I’ve worn glasses for more than 40 years. I am visually impaired to the point that without my glasses, I could not legally drive a vehicle. The first thing I do on waking is put on my glasses. I consider myself to be healthy, and am grateful that my body is fit enough to allow me to do pretty much anything I want to. Many of the people I know wear glasses, they’ve become so normalized that most of us don’t think of people wearing glasses as disabled.
This week I underwent dental surgery. The recovery has given me first hand experience about living life without being able to clearly articulate my thoughts using my voice. For the first 14 hours after the surgery I alternately slept and woke long enough to drink water to stay hydrated and take over the counter medicine to deal with swelling and pain.
When I eventually got up, with enough energy to move around and login to my laptop, I had no desire to eat or drink. Eventually I was hungry enough that I tried some yogurt and other soft foods. I quickly realized that the dentist’s advice to limit speaking was important for several reasons, beyond helping my mouth heal.
It literally hurt to talk; my jaw and tongue ached. I had arrogantly booked meetings for the afternoon after my surgery, confident that I would bounce back quickly and be ready to resume my regular activities within 24 hours. I was wrong!
Luckily, my colleagues are incredibly patient, and I was able to rebook all but one meeting to next week. The one meeting I attended, involved a lot of written prep work, and a colleague took over the main speaking role. She did a fabulous job. By the time that meeting came to be, I was able to speak clearly enough to interject a few slurred and mumbled thoughts of my own. The others at the meeting knew that this was temporary and knew me well enough to make allowances.
I continue to heal and feel better as every hour passes. As I get set to publish this blog, 3 days after the surgery, I can now hold short conversations and I’m close to sounding how I normally do. I am confident that I’ll have a full recovery. That being said, I make my living by sharing words, quite often through speaking engagements and live coaching sessions. So I hope I'm right.
A colleague shared a thought with me earlier this week, “You can’t truly understand equity, diversity and inclusion, unless you’ve been part of an excluded group.” I think this is particularly true for understanding the lives of disabled people. You can’t truly understand what it is like to be disabled, unless you’ve experienced living with a disability, even if only temporarily.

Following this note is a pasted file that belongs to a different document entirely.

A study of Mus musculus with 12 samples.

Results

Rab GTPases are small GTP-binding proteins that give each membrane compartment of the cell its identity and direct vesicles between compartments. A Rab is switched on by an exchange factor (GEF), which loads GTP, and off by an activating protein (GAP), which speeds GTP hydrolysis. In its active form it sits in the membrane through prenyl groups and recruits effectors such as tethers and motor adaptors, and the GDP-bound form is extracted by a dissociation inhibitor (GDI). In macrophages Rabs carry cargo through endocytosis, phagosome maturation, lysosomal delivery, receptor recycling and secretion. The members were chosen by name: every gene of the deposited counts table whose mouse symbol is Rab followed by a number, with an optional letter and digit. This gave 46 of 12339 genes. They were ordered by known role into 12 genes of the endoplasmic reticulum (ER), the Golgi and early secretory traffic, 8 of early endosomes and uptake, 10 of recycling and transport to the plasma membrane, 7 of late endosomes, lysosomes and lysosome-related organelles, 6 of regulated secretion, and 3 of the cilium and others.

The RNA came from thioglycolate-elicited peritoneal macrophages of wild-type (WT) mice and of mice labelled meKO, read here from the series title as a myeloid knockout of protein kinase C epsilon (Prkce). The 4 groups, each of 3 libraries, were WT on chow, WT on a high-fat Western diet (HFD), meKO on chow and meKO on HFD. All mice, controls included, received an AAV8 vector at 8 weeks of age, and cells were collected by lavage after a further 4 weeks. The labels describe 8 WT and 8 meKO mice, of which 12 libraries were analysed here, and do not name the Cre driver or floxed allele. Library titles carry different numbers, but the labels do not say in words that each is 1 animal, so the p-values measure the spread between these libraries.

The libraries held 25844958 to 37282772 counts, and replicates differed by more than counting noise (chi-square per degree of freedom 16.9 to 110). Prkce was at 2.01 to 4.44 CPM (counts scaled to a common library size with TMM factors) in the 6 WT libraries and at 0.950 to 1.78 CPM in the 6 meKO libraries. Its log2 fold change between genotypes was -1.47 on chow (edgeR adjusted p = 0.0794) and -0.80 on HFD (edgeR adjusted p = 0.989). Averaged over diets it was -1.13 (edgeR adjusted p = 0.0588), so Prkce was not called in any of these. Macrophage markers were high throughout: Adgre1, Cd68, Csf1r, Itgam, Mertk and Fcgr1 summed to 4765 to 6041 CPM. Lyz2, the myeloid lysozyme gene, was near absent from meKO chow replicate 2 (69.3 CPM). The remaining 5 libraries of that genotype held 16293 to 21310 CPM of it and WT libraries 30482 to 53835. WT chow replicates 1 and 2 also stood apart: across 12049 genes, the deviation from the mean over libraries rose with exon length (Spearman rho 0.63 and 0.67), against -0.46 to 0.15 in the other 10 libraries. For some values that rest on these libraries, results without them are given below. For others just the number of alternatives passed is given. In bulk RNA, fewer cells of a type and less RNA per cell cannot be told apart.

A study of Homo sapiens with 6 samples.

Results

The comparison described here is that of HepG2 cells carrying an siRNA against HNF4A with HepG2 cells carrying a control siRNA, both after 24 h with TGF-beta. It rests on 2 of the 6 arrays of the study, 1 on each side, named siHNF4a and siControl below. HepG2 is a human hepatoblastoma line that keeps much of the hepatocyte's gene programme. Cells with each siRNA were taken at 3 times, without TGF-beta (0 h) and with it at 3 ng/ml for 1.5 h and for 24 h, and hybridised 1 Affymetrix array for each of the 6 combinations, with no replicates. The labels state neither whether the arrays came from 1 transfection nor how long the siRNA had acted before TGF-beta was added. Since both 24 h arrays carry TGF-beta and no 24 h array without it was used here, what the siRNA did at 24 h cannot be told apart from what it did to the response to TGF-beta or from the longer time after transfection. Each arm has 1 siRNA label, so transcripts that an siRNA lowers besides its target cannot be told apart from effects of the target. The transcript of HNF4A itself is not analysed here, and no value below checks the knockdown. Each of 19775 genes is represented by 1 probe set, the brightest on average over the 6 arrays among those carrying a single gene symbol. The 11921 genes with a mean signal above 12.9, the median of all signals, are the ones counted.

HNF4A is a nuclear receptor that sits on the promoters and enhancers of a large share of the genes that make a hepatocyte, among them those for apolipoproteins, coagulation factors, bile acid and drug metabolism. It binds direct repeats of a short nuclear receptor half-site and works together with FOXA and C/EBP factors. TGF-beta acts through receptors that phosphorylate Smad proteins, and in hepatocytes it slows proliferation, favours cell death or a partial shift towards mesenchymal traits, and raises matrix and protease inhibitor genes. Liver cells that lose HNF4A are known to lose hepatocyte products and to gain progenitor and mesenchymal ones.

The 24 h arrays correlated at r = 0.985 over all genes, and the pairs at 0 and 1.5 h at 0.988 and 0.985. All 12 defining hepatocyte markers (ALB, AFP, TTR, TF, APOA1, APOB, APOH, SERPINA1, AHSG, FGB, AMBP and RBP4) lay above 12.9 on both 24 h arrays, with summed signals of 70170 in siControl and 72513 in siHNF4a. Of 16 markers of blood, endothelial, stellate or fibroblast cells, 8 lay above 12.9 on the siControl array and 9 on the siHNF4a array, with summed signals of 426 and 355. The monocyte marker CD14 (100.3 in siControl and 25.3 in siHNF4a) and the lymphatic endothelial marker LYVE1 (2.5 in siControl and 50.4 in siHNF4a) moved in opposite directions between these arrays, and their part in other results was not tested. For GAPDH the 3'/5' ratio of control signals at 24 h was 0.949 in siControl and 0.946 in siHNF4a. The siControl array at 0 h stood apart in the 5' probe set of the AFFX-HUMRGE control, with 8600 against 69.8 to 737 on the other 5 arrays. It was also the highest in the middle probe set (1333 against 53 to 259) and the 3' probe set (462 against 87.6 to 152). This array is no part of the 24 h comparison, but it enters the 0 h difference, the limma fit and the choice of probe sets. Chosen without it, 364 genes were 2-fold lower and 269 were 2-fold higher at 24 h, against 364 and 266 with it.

I can illustrate this for you with a story. The morning after my surgery, while I was feeling alert, yet still unable to talk, I saw a notice from a woman I admire, saying that she was holding a virtual tea to share a lesson on her area of expertise. I’ve long enjoyed her posts, so I signed up, figuring I’d be one of dozens of people attending, and wouldn’t need to speak. When I arrived, there were only 9 people in the session. I was familiar with the tech used, and noted in the chat that I couldn’t speak and why. After the training was over, she did what good facilitators do and made sure to engage everyone in the discussion. My note about not speaking had slipped off the screen. She tried to get me to speak. I typed another comment, which she must have missed because she kept urging me to speak. Finally, I unmuted long enough to mumble “can’t talk, hurts” and went back to typing my responses. The woman holding the virtual tea was trying to be inclusive. She meant well, it simply never occurred to her that I might not be able to talk.
The last few days have given me a glimpse into living with an invisible disability. If you “look” able bodied, it’s difficult for others to believe that you’re disabled.
All this has led me to more deeply understand how important it is to make all workplaces, products and services accessible to everyone. It’s added to the lessons my disabled colleagues share on social media about how being able to work/learn remotely makes their lives easier, and how they hope that these options continue to exist after the pandemic. In addition, it's helped me understand that online resources should be as accessible as possible, which includes providing content that is accessible for people with invisible disabilities, such as the blind/visually impaired, deaf/hard of hearing, and those with different ways of processing information such as autistic people and people with ADHD.
We have the technology, let's invest in making content accessible so that everyone has the opportunity to thrive. In Canada, this also means ensuring that everyone has access to affordable broadband internet services. This is especially important to those in rural and remote communities.
I hope that this post has helped you understand the importance of creating accessible content. I’ve started to explore ways to make this website and my other online content more accessible. Won’t you join me?